After nearly five years running his niche communications consultancy, Ted Deutsch, has closed Deutsch Communications Group to become the vice president of U.S. communications and public affairs for Sandoz Inc. Sandoz, the world’s second-largest generics company. Located at 506 Carnegie Center, Sandoz is a division of Denmark-based Novartis.

“The position was too compelling to pass up,” Deutsch wrote in a statement. He says that he developed an interest in the healthcare sector while working at APCO, a public affairs firm based in Washington, D.C. Then, after working in and around the Route 1 corridor, the hub of the world’s pharmaceutical industry, the interest got stronger.

“Healthcare reform is obviously high on the national agenda,” he says, and the question of how our country can best balance innovation, access, and affordability in medicines is a long-term issue of vital importance, regardless of how the next several months play out in Washington.”

DCG operated at 20 Nassau Street, directly across from Princeton University, where Deutsch received his bachelor’s in history in 1991, specialized in cause marketing. His wife, Jess, also a 1991 Princeton alum, still works at the university, where she is a health professions advisor within the Office of the Dean. Some of its main community relations clients included the Terra Momo Restaurant Group (parent company of Mediterra, Teresa Ristorante, Teresa Caffe, Witherspoon Bread Company, Nova Terra, and Eno Terra restaurants) and Points of Light and Hands On Network, a network of volunteer centers around the country.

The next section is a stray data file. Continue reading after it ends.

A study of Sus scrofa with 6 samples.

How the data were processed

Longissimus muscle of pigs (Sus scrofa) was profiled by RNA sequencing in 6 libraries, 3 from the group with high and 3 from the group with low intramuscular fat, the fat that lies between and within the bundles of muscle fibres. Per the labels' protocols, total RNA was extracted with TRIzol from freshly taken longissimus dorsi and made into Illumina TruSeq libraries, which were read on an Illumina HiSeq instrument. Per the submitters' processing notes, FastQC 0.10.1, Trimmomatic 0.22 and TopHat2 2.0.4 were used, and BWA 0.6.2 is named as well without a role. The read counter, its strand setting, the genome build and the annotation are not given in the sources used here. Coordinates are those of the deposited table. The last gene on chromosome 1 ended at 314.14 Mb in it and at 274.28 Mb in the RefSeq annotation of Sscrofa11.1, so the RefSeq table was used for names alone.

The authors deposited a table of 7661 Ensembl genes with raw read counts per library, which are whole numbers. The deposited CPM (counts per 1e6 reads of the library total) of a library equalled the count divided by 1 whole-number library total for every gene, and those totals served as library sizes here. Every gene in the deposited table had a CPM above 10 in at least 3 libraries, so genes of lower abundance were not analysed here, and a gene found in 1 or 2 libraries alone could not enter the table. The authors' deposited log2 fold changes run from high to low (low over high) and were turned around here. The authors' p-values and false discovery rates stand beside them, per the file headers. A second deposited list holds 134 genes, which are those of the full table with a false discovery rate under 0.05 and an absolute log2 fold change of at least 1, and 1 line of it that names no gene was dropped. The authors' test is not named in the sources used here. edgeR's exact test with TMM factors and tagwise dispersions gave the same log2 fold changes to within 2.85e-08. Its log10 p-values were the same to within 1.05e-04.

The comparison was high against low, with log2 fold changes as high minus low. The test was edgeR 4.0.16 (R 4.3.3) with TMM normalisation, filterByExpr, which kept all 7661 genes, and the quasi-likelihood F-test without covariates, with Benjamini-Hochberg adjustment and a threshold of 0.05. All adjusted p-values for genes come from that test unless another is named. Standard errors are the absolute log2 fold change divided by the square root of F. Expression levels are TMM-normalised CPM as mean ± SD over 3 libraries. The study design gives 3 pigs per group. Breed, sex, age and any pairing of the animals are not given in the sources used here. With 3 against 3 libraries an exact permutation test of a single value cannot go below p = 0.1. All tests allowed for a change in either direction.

Deutsch helped promote Hands On Network’s national conference and was active in the public relations launch of a new national monument it created, the Extra Mile Points of Light Volunteer Pathway, a mile-long walk not far from the White House lined with bronze medallions that feature leaders in the social and service sectors.

Deutsch, who also holds a master’s degree in international affairs from Georgetown University, says he was drawn to Sandoz and Novartis because he is an advocate of corporate social responsibility and corporate-nonprofit partnerships. DCG specialized in cause marketing services that focused on cross-sector partnerships benefiting corporations, nonprofits, and society. “Novartis is a leading player on the global corporate citizenship front and in my Sandoz role I will be able to contribute directly to the company’s ongoing work in that area,” his letter states.

The closure of DCG also forced the company’s employees to find other work. Grant Brooke and senior counsel Elliot Bloom are now working with Taft and Partners, a communications and marketing firm based at 1 Palmer Square; and Katelyn De Rogatis is now the manager of corporate communications at Toys “R” Us in Wayne. She says she is glad to be working in “an in-house communications position with endless growth potential.”

#b#Sandoz Inc.#/b#, 506 Carnegie Center, Suite 400, Princeton 08540; 609-627-8500; fax, 609-627-8682. Bernhard Hampl, president and CEO. www.us.sandoz.com.